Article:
COVID-19 has wreaked havoc on the economy with the auto industry and CU auto lending being no exception. March, April, May and June new vehicle sales were down 41%, 60%, 29%, 20% respectively, compared to prior year periods and used vehicles experienced similar downturns.
While auto dealers and manufacturers have always embraced technology, data, analytics and AI, the COVID stay at home and social distancing mantra caused them to significantly step up and enhance the use of these tech-oriented resources. Consumers were not going into showrooms so the auto industry pivoted and embraced everything digital from online research to shopping, deal-building, F&I, contracting and touchless delivery.
In fact, a goal of the auto industry is to develop “Omni-Channel Retailing” as is depicted below by the National Auto Dealers Association. Dealers have been driving toward this for quite a while, but COVID has expedited the necessity, technology development and enactment.
Might I digress? Here’s what the market thinks of Omni-Channel Retailing and “touchless auto buying”. Below is the largest provider of touchless home delivery vehicles’ (Carvana) stock price from early April to early July, up 126%, as other auto dealers and manufacturers’ stock valuations languished. Digital technology is the future of auto sales and finance. We suggest you ask your Team, how are we positioned to compete in this paradigm?
The biggest problem for CU’s with this Hi-Tech auto retailing approach is that the Omni-Channel/Dealer controls EVERYTHING which leaves very little room for CU financing.
As the bread and butter of CU member engagement and profitability, what can credit unions do? Auto loans are a CU product that continues to “give” throughout a member/family relationship and can easily be 10, 20, 30 or more loans during a member lifecycle, so THIS IS A BIG DEAL!
But CUs say “We’re not a dealership. We’re a financial institution!” . . . so think of it this way. . . auto dealers started by selling vehicles and weren’t in the banking or finance business. They sold cars for decades and let the FI’s handle the financing. Then dealers realized “there’s good money in financing” so dealers got into financing; some via captive finance companies such as GM Financial and Ford Credit, some via indirect relationships with banks and CUs and others with buy-here/pay-here. In all cases, the dealer is able to direct the financing to the financing source that makes the dealer the most money, PERIOD. So dealers pivoted into a complementary part of car buying/ownership . . . the financing.
Speaking of pivoting, this isn’t 1960, 70, 80 or even 90 when car buying started at the dealership. This is 2020 and technology has transformed car buying and financing. Today car buying starts online 24/7/365 from a member’s phone, tablet, computer or even TV. They spend 10-12 hours online researching, pricing, comparing, etc before they even think of stepping into a dealership. By the time they get to the dealership, they generally know what they’re looking for, the options packages and pricing available and don’t want to have to “deal” with the dealer. They want to get in and get out quickly and, what’s best, CU members know that the dealer doesn’t have the members best interest at heart . . . this is the CU “ace in the hole”.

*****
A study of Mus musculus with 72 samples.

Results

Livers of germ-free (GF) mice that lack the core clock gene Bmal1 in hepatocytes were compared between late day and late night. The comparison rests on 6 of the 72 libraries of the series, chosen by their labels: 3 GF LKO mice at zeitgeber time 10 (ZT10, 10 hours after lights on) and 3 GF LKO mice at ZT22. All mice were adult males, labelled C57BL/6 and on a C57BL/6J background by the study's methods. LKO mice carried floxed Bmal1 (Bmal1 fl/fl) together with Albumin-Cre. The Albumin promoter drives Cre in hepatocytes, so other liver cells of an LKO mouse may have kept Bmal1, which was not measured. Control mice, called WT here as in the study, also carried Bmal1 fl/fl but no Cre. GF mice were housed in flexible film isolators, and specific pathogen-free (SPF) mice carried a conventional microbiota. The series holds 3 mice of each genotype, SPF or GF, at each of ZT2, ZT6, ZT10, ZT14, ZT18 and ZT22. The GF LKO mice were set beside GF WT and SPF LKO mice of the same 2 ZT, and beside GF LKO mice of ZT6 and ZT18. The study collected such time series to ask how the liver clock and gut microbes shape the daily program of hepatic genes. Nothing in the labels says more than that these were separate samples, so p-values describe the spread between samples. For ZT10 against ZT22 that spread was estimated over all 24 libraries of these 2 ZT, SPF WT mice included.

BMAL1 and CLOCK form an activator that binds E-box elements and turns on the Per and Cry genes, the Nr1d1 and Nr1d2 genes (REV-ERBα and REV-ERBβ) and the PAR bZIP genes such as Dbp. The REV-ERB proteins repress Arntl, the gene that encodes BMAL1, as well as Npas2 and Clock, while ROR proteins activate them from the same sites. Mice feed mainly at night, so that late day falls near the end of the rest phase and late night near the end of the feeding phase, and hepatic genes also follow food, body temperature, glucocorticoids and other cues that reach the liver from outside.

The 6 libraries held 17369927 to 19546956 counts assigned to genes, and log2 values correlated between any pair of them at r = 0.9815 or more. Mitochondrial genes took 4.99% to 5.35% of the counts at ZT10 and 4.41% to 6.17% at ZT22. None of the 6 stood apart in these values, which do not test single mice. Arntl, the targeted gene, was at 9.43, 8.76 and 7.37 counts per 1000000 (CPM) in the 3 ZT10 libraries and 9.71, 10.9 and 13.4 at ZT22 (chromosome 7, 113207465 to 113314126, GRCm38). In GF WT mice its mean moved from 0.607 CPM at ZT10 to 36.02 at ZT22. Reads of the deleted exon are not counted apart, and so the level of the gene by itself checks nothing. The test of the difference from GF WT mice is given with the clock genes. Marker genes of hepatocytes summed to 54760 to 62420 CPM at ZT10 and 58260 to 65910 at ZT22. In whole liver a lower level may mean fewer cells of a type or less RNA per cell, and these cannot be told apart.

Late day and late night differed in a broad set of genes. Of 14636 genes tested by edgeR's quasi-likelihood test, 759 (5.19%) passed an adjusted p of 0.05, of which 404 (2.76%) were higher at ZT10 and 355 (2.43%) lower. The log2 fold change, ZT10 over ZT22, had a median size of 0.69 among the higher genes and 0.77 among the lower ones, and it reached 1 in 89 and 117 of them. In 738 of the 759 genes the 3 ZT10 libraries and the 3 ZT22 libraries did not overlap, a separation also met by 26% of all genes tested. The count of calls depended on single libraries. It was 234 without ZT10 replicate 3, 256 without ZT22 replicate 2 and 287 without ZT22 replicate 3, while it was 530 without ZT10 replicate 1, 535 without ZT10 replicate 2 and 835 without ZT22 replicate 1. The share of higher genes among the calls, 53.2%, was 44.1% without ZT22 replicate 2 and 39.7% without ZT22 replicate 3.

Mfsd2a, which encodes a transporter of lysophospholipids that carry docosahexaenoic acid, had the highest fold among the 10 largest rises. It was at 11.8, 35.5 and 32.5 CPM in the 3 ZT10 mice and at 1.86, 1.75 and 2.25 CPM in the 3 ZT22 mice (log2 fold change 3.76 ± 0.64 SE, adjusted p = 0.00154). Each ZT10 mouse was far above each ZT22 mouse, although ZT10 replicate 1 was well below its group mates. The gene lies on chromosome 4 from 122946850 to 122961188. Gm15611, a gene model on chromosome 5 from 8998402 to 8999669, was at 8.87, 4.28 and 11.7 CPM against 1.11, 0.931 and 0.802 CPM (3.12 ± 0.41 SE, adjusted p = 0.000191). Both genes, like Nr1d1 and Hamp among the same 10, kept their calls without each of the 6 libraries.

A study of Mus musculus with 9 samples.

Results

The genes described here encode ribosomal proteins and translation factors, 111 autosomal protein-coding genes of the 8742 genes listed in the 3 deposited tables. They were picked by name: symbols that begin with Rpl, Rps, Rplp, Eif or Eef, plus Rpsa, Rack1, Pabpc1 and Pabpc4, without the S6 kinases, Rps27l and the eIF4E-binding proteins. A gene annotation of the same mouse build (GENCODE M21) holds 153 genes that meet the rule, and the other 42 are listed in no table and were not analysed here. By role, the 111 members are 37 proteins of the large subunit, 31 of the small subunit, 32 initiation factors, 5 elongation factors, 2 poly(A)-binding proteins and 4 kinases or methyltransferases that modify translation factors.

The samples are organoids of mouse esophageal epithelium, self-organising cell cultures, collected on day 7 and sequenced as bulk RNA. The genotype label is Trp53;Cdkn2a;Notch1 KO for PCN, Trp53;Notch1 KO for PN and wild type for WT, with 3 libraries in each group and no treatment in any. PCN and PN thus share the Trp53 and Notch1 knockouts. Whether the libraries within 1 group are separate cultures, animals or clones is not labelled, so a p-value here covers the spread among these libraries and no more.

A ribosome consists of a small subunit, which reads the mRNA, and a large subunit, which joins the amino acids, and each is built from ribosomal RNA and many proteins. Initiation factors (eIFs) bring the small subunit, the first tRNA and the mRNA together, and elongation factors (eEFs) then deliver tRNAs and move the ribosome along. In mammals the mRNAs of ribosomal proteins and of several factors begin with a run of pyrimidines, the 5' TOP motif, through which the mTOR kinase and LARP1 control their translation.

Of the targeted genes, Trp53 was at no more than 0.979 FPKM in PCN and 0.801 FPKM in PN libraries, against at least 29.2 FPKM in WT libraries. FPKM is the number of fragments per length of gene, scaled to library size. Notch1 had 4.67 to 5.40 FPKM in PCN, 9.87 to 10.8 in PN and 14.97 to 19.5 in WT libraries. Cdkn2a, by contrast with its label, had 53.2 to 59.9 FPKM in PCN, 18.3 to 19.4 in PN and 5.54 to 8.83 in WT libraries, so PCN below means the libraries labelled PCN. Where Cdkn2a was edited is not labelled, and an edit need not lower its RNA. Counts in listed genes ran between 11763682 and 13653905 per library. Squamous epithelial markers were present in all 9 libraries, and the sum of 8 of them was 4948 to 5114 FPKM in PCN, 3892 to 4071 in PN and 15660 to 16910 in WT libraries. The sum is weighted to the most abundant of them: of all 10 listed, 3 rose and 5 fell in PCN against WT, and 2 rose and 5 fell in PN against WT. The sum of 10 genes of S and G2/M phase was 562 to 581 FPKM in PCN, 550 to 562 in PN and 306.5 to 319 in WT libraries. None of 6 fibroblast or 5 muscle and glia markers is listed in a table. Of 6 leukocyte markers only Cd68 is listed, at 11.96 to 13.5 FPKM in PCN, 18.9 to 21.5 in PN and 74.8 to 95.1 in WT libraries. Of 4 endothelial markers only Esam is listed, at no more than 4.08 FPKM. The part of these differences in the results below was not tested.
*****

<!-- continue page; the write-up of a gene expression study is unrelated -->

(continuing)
This last point is key to CUs future success in the auto vertical as members know their CU, not dealers, have their best interest in buying and financing vehicles.
So where does this leave us? It’s actually quite simple once you understand the typical member spends 10-12 hours of online research, buying and financing. Just like when dealers stepped “outside the box of just selling vehicles” and stepped into the lucrative space of financing, CUs must step outside the box of “just being a FI” and provide the technology, data, analytics, marketing and AI to direct their members to the CUs website and digital solutions. By providing these tech resources, CUs will attract members early in the vehicle research process in lieu of members accessing all the other online auto buying resources where the cookies are placed and they get bombarded with 3rd party auto loan ads. Via the CU auto research and buying tools, members will gravitate down the CU lending funnel, and into pre-approval far in advance of visiting the dealer. So when the member finally visits the dealer in person or virtually, with pre-approval in hand, the member will act like a “cash buyer”, getting the best deal for a win/win for the member and the credit union.
Consider the following graphic, complements of the NADA, which depicts the typical steps in researching, buying, financing a vehicle. This is how dealers are trained and think about the process. To compete, CUs must understand this process and incorporate as many steps as possible in their digital auto-buying and financing solution. At a minimum, the items circled should be implemented by all CUs as they are readily available and easy to implement.
The bottom line is this. To be successful in the tech-driven auto vertical today, CUs must embrace and promote their natural member trust relationship which is contrasted with the typical dealer (not so trusting) relationship. Once you embrace that trust factor and understand how members spend 10-12 hours online before buying a car, you must embrace technology, data, analytics, AI and marketing and then drive members into your digital auto funnel.
CUs are the only ones in the auto vertical that have a vested interest in helping members save on buying and financing vehicles . . . People Helping People . . . Mission Accomplished!